Amended deal also gives Meda rights to develop Xerese against genital herpes.
Swedish firm Meda is paying Medivir $45 million as part of a renegotiated marketing deal for the latter’s FDA-approved prescription cold sore therapy, Xerese™. Meda negotiated a license to market Xerese in the U.S., Canada, and Mexico back in February 2010, and launched the product in the U.S. in February this year, where it is available as a prescription treatment. Under terms of the original deal with Meda, Medivir earns a double-digit royalty on sales of the drug by Meda. The renegotiated agreement has essentially transferred all rights to the product to Meda in its designated territories, in return for the $45 million payment to Medivir and the waiver of royalty fees. The amendment will in addition trigger a payment to AstraZeneca, the patent originator, under agreed terms; Sweden-based Medivir was founded in 1988 as a spinout from AstraZeneca’s antiviral research unit.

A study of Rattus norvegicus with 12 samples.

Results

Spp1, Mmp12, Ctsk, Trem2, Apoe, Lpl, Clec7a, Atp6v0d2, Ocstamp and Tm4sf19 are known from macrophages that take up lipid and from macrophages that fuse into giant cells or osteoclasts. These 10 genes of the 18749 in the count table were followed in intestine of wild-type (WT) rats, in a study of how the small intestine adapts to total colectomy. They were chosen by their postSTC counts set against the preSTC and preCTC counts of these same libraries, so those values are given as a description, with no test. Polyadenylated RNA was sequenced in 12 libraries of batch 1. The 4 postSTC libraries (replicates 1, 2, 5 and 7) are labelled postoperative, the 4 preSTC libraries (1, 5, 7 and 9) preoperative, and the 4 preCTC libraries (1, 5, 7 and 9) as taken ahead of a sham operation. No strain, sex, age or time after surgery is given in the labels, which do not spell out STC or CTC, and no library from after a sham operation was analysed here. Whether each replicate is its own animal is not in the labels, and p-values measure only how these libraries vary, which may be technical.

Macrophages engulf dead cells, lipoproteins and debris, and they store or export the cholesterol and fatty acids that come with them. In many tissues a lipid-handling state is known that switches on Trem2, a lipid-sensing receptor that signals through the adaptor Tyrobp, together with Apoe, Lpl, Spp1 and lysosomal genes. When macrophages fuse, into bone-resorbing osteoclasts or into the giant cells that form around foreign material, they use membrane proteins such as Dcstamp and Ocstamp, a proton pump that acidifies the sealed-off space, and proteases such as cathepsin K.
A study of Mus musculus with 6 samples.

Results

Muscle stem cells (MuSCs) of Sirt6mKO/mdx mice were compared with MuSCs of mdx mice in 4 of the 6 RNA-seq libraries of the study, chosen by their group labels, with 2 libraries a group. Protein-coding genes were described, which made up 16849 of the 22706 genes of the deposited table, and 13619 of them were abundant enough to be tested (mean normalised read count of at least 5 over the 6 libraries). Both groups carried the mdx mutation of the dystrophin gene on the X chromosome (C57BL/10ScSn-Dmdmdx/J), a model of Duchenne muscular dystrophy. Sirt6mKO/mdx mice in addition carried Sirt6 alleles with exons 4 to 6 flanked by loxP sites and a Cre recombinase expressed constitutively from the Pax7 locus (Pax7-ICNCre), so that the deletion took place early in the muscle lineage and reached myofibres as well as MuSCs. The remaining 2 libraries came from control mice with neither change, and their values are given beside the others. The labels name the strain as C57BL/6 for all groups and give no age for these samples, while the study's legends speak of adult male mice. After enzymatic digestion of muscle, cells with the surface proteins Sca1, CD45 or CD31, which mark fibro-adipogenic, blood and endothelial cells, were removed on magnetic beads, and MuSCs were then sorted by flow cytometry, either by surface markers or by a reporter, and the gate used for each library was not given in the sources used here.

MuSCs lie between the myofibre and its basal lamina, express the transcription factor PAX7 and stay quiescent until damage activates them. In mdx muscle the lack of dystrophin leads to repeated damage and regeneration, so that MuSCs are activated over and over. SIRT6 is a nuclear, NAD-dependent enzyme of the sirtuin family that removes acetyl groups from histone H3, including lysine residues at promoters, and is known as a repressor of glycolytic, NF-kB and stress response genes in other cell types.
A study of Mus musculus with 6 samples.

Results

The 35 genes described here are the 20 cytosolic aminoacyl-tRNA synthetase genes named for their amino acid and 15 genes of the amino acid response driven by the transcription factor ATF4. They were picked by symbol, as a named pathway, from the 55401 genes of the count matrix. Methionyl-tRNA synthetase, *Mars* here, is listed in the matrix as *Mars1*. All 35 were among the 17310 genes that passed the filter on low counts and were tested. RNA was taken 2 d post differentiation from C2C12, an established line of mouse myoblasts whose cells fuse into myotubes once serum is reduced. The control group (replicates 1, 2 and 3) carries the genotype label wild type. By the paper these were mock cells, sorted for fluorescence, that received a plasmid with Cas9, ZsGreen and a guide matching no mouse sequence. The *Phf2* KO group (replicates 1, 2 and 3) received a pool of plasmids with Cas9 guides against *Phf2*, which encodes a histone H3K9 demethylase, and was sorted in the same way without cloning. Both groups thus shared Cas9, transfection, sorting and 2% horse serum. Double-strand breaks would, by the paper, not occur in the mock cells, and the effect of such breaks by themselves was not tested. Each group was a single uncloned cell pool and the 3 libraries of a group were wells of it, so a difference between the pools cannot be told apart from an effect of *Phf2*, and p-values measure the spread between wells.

The new deal in addition gives Meda exclusive rights to develop Xerese for the genital herpes indication in the U.S. If approved, Medivir would receive a $10 million milestone payment, and single digit royalties on U.S. sales. Meda will be responsible for developing the drug for the genital herpes indication.
The amendments to the Meda deal will have no impact on Medivir’s existing agreements for Xerclear™ (Xerese’s tradename in Europe) with GlaxoSmithKline, Daewoong Pharmaceuticals, and Luxemburg Pharmaceuticals. The firm says the cash earned from Meda will be used to progress its infectious disease R&D projects.
Daewoong Pharmaceutical negotiated an exclusive license to distribute Xerclear in China and Hong Kong earlier this month. Under terms of the deal, Daewoong will be responsible for conducting clinical studies required for regulatory approvals and for marketing, sales, and distribution of the drug. In return, Medivir will receive royalties on all product sales. Daewoong had previously inked a deal for Xerclear in South Korea and recently filed for registration of the drug with the South Korean authorities.